Much of the Western U.S. is in a drought right now, and after one of the driest springs in 100 years, Eastern Washington is no exception, with the state having issued a drought advisory for everywhere east of the Cascades and south of the Puget Sound.
While the Seattle area is wet enough, “the east side of the mountains has been extraordinarily dry, so we really still have some pretty serious conditions on the Eastside in terms of drought,” said Jeff Marti, water resources planner and drought coordinator for the Department of Ecology.
Eastern Washington did receive a little bit of rain this past weekend, but Marti said those tenths of inches were quite literally just drops in the bucket of what was needed. The area around Spokane International Airport, for example, is 4 inches of rainfall below normal, having had its driest spring for 140 years.
The good news is that the situation in Eastern Washington is not quite as dire as the extreme dryness hitting states like Utah, Nevada, and California right now. That’s thanks to a winter of high snowfall that saw people skiing through late May.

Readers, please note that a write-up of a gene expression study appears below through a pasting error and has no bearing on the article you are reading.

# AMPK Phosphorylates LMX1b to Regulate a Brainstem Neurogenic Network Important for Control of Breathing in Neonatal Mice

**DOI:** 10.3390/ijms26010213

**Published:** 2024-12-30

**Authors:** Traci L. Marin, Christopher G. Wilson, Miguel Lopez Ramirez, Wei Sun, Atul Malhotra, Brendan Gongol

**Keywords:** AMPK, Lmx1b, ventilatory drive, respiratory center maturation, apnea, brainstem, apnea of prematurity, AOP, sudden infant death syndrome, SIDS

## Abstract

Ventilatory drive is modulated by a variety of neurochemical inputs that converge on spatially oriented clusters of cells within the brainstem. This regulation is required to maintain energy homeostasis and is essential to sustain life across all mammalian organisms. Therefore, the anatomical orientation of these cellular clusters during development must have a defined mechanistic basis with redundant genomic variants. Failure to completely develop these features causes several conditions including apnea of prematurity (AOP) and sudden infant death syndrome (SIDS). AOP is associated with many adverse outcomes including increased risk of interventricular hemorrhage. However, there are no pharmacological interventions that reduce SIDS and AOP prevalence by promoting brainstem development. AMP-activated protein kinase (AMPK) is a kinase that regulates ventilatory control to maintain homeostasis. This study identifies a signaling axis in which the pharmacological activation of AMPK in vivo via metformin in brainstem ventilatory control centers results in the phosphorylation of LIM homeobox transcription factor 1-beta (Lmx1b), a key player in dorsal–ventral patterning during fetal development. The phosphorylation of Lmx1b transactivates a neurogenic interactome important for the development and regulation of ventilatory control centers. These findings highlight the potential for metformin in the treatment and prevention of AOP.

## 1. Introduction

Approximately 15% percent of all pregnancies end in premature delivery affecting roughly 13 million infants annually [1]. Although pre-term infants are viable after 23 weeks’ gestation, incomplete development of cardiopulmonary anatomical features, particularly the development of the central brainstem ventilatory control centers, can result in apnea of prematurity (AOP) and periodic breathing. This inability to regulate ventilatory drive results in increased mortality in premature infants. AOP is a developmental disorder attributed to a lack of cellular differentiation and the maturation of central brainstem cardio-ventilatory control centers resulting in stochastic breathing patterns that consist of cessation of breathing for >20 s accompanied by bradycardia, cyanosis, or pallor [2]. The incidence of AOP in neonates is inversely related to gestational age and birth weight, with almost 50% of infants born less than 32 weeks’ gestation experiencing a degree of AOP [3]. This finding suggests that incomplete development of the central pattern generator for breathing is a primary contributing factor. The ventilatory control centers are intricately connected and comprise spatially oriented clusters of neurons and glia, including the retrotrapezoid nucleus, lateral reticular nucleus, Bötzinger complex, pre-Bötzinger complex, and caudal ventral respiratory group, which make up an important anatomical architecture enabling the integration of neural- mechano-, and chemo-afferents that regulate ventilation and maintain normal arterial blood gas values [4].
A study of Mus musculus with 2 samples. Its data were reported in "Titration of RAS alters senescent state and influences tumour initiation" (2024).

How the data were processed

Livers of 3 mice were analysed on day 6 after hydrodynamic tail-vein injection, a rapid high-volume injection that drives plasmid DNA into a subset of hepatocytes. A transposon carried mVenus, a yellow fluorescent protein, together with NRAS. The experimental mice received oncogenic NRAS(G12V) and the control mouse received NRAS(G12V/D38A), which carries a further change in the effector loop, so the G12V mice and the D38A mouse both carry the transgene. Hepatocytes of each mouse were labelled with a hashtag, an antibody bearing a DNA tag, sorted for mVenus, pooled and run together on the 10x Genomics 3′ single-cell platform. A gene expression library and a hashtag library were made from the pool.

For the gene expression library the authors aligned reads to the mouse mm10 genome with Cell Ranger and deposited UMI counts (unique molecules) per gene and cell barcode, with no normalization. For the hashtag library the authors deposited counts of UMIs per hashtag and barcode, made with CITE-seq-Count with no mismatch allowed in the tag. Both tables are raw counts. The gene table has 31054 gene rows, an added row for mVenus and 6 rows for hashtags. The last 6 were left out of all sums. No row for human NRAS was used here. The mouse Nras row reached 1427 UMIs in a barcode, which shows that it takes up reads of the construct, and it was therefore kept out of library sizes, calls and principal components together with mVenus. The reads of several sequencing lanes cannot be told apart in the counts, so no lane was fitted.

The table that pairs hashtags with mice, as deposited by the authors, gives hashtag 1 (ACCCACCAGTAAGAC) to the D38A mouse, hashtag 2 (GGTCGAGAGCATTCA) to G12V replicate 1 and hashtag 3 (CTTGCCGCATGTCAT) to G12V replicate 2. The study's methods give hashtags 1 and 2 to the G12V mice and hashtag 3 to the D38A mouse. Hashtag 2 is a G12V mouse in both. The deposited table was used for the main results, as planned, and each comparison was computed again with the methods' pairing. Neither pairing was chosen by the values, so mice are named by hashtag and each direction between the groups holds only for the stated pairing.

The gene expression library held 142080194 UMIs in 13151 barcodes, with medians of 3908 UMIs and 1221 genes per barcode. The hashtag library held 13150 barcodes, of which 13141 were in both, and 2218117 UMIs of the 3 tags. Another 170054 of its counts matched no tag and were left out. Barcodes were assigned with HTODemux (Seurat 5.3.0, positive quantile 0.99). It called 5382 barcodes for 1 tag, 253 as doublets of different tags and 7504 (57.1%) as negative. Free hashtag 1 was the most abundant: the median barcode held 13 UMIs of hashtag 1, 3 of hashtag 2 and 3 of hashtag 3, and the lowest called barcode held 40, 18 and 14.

But while that helps the farmers using irrigation, it does not help the dryland farmers in Okanogan and the Columbia Plateau, Marti explained. The Palouse region of Southeast Washington is world-famous for dryland farming, using only the natural rainfall to water crops.
“We think the impacts are going to fall most heavily, and they are actually falling already, on dryland producers — so ranchers and folks that grow wheat out in the east part of the state,” Marti said. “Those folks are definitely being challenged. It’s kind of two different worlds between the folks that get water from the snow and the mountains, and those who are out in the dryland parts of the state and really missing out on that springtime precipitation.”
Marti noted that counties like Klickitat, Benton, and Asotin are already submitting reports of wheat growth failing and wells going dry.
To help mitigate impacts, he suggested that farmers invest in crop insurance; they should keep careful records to document those losses. Ranchers can use Conservation Reserve lands from the federal government in an emergency.
Ecology also asks people impacted by drought to submit photos to its website.
While storms this week may bring some drought relief, there is always the risk of wildfire with heavy winds and storms. Marti suggests removing brush from around your home to make your house more fire-resistant. You can find more wildfire prevention tips here.